The European Parliament’s budgetary control committee quizzed last week Commissioner Gunther Oettinger about the procedure for the controversial appointment of Martin Selmayr to the Commission’s new secretary-general. The public hearing ended with more questions and a critical draft motion for a resolution. Ahead of the hearing, the Commission had replied in writing to a catalogue of over-lapping questions prepared by the political party groups in the Parliament. Oettinger repeated the Commission’s position that the appointment had followed all relevant rules.
“Every institution has the duty and the right to choose the best candidate for the job and institutions have to respect one another in these decisions and appointments without any influence taken from outside,” he said and mentioned his own legal background.
However, the regularity of the procedure was put in doubt by the Parliament’s Legal Service which explained that the conditions, laid down in European case law, for a transfer of an official to an unpublished post were not met in Selmayr’s case.
“It would have been nice if the post had been published,” commented MEP Ingeborg Grässle (EPP), chairwoman of the Committee. In a draft motion for a resolution, the Committee wrote that “this tradition of non-publication has reached its limits insofar as it does not correspond anymore to modern standards of transparency.”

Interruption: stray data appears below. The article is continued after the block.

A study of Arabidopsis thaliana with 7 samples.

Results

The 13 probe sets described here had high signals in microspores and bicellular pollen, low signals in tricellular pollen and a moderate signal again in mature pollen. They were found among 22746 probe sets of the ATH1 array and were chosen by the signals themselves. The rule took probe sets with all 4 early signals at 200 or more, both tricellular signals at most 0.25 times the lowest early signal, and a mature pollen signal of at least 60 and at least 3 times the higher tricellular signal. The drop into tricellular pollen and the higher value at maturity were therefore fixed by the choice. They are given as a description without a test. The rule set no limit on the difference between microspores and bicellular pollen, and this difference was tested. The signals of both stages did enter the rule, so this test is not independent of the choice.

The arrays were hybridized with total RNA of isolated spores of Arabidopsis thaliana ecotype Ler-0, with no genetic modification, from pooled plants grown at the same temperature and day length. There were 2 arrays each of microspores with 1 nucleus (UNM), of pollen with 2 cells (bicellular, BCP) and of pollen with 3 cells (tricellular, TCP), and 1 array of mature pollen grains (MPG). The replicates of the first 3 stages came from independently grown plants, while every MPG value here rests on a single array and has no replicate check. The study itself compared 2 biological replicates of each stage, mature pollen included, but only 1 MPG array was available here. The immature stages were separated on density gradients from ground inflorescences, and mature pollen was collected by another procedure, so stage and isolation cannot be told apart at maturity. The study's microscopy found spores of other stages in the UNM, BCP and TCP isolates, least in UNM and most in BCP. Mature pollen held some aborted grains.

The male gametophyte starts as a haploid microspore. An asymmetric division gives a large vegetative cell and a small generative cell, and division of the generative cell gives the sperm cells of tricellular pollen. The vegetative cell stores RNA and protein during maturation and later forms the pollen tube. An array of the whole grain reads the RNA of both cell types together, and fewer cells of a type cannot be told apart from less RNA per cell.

Oettinger did not respond to the legal challenge. Pressed by the Committee if not the appointment procedure contradicted the spirit of the Staff Regulations, he replied that the letter and spirit of the law were more or less identical. If the spirit is something beyond the text, “we are in the area of imagination,” he said.
The draft motion summarizes the factual elements of the procedure and sheds some light on Selmayr’s career in the Commission. It regrets that the procedure “was conducted in a manner which aroused widespread irritation and disapproval in public opinion” and notes that it “constitutes a reputational risk for all EU institutions.”
It also states that the two-steps nomination of Selmayr (first to deputy secretary general and immediately afterwards to secretary-general) constitutes “a coup-like action which stretched and possibly even overstretched the limits of the law.”
The motion ends with some lessons learned for future appointments and it remains to be seen if the final version will include any demands for cancelling the appointment or for someone to resign. The Committee has already filed follow-up questions to the Commission. All this will feed into a resolution to be voted on by the whole Parliament on April 19.